Four Wheel Steering: 1989 Mazda MX-6 GT


The MX-6 was essentially a coupe version of the 626 sedan. Mazda sold only two generations between 1987 and 1997. The first generation was based on the Mark 3 "GD" platform 626, and only lasted until 1992.

Mazda is one of those on again, off again brands that have not been able to steadily build momentum like Toyota and Honda have (although both are currently teetering on the edge of slipping indefinitely). Mazda has had some moments of widespread appreciation in the industry (their refinement of the rotary engine) and in pop culture (the goofy but catchy Zoom Zoom ads), but nothing that has permanently stuck in the minds of consumers enough to make them a huge sales success, and, more importantly, iconic.


That doesn't mean they haven't made some great products however. To the contrary, they have a lot of modern classics under the belts. One of their lesser known gems is this '89 MX-6. In the 80s, Mazda was still competing on a relatively even playing field with Toyota and Honda for the no.1 Japanese car spot. Their 626 was arguably way cooler and better equipped than the comparable Camry and Accords of the time. To stick out from the competition, this MX-6 has a 2.2-liter turbocharged 4-cylinder engine under the hood. The thought of  turbo power on an otherwise sedate front-wheel drive car makes it infinitely more appealing, and Mazda understood this.


The seller says a couple of times it's "very fast". They also mention it has a Zombie SS chip and boost controller, but I have no idea what that is or how good it is. What they don't say is whether it has the legendary four wheel steering, which was only offered in the U.S. on 1989 GT models exactly like this one, making it an extreme rarity. Essentially, turning the steering wheel turned all four wheels. The rear wheels were electronically controlled to pivot no greater than 5 degrees in the opposite direction of the front wheels under 35 miles per hour and in the same direction for any speed faster. This allowed for both agile parking and greater maneuverability changing lanes and taking corners. Honda experimented with this too, before all automakers  abruptly pulled it from the market and never offered it again except on a couple other rare and expensive high performance cars. Why this lost but significant technology is being repressed is still a mystery. It could easily have become a standard feature on all cars in the same way that disc brakes and airbags have become.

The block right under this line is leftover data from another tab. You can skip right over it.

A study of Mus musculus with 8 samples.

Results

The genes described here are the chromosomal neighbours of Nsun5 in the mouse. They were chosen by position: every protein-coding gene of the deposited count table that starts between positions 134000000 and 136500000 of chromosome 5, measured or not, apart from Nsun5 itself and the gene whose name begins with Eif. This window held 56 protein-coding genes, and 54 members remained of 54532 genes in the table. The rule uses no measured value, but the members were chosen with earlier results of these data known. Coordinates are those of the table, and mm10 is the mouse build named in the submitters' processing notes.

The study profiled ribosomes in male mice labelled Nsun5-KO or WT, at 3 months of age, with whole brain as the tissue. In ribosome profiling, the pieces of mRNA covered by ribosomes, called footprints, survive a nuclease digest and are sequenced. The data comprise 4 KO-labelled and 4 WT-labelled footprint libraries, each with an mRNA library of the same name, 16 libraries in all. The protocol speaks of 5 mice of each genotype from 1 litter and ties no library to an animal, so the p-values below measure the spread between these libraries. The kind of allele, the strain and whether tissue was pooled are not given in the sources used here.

The body clearly has some flaws and the seller says there is some rust. They also say it needs a wheel bearing and engine mount. Gross over-sized aftermarket exhaust aside, it's good to see the original wheels still intact. This thing is begging for an impeccable restoration. Be the first to do it, then tell me all about it!

Available here on craigslist in Minneapolis, Minnesota for $2,000.